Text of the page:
County BOE unveils $29M budget
Published 12:00 am Wednesday, September 1, 2010
The Covington County Board of Education unveiled its $29 million budget for the 2011 fiscal year Tuesday at the first of two budget hearings.
“Although we have been faced with two years of proration and possibly additional funding shortages in the near future, we feel that this budget continues to provide for an efficient and sound instructional system,” said Shauna Robertson, the system’s chief financial officer.
Of the $29 million in revenues, 58 percent are from the state; 21 percent from federal funds for programs such as Title I, special education and child nutrition; and the remaining 21 percent is from local tax revenues and other sources, she said.
Robertson and school board members said the “balanced budget” is attributed to many factors.
“Primarily because we were able to reduce staff through attrition, where we had a decrease of only three teachers, the ability to flex capital purchase funds and additional revenue from the federal jobs bill, state stabilization funds and (stimulus) funds,” she said.
The federal jobs bill accounts for an additional $464,000 for the county school system.
Robertson said the required 10 mill of local ad valorem tax has increased by approximately $171,000 from the prior year, for a total local contribution of $2.6 million to the state’s foundation program.
Included in the budget is nearly $14 million in salaries and benefits, as well as $2.3 million for classroom instructional support and $48,600 for new textbooks.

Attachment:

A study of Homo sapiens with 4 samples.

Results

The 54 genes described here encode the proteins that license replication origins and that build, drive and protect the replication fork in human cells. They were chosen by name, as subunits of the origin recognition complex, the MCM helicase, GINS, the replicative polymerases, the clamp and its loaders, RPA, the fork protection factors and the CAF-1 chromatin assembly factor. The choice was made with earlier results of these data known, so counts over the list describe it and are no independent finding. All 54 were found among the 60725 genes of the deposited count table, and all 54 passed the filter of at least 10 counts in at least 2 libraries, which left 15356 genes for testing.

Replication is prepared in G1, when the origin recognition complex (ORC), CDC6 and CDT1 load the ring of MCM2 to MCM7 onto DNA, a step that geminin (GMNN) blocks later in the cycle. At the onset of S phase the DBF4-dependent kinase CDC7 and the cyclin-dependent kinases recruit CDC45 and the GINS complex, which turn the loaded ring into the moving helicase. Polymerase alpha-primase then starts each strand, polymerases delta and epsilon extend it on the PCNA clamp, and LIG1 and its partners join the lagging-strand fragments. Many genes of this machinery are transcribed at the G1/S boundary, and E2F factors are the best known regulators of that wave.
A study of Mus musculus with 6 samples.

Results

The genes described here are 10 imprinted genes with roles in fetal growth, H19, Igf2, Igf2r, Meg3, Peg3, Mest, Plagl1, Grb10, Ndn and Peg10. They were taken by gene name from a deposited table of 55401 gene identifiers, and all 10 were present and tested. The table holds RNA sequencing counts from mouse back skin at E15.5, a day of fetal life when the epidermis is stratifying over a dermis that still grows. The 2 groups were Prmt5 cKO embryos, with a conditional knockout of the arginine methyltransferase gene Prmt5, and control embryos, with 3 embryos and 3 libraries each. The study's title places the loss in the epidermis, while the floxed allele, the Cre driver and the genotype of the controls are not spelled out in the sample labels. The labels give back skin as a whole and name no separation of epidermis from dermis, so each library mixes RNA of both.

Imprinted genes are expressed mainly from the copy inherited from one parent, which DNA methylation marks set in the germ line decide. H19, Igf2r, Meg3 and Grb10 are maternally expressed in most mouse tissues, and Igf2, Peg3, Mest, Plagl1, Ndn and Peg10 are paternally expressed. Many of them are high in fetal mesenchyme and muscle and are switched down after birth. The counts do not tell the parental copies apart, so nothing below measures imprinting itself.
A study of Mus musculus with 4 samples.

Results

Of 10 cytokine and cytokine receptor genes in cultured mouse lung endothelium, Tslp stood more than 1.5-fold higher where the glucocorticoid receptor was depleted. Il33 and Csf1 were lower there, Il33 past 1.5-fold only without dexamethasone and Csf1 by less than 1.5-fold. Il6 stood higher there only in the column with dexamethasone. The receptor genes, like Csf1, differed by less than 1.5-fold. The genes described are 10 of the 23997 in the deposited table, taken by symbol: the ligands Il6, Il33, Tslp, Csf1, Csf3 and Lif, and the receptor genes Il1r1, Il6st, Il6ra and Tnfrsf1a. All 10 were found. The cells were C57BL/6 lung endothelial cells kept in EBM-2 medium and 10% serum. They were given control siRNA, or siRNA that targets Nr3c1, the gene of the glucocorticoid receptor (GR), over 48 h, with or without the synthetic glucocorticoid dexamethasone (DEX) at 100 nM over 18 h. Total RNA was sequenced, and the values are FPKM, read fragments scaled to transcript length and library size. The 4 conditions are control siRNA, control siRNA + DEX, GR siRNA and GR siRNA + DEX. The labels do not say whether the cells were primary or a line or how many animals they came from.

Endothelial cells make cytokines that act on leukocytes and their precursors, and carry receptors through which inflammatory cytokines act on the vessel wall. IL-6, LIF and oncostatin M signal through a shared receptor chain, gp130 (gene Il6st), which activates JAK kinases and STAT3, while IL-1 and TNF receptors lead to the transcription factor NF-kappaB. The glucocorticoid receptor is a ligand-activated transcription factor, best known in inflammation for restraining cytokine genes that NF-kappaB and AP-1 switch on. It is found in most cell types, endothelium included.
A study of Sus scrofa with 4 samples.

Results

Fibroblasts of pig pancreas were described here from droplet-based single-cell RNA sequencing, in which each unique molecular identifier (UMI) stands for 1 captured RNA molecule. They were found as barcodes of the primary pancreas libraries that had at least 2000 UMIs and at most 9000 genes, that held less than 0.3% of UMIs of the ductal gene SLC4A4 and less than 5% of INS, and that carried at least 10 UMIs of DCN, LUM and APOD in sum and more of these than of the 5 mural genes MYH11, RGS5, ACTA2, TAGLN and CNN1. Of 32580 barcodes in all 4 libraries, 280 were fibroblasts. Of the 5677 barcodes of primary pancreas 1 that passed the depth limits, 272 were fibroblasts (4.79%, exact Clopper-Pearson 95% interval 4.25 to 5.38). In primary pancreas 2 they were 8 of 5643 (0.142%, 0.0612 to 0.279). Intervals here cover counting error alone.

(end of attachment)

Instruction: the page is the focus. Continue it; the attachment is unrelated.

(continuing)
“Fortunately, with the use of stimulus funds, our schools continue to have funds for instruction materials and supplies, technology, library and professional development,” she said. “Next year, all purchases will be made with the consideration of future year’s need.”
A recent bond issue has provided funds for building renovations in 2010 and others are planned for 2011, she said.
“Because of the board’s foresight and being good stewards of the school’s funds, we will be able to maintain a high quality educational program,” she said.
It is expected that proration will increase by an additional 5 to 7 percent for the 2012 budget, making it imperative school systems use their money wisely, Terry Holley, Covington County Schools superintendent, said previously.
The second budget hearing is set for Sept. 7.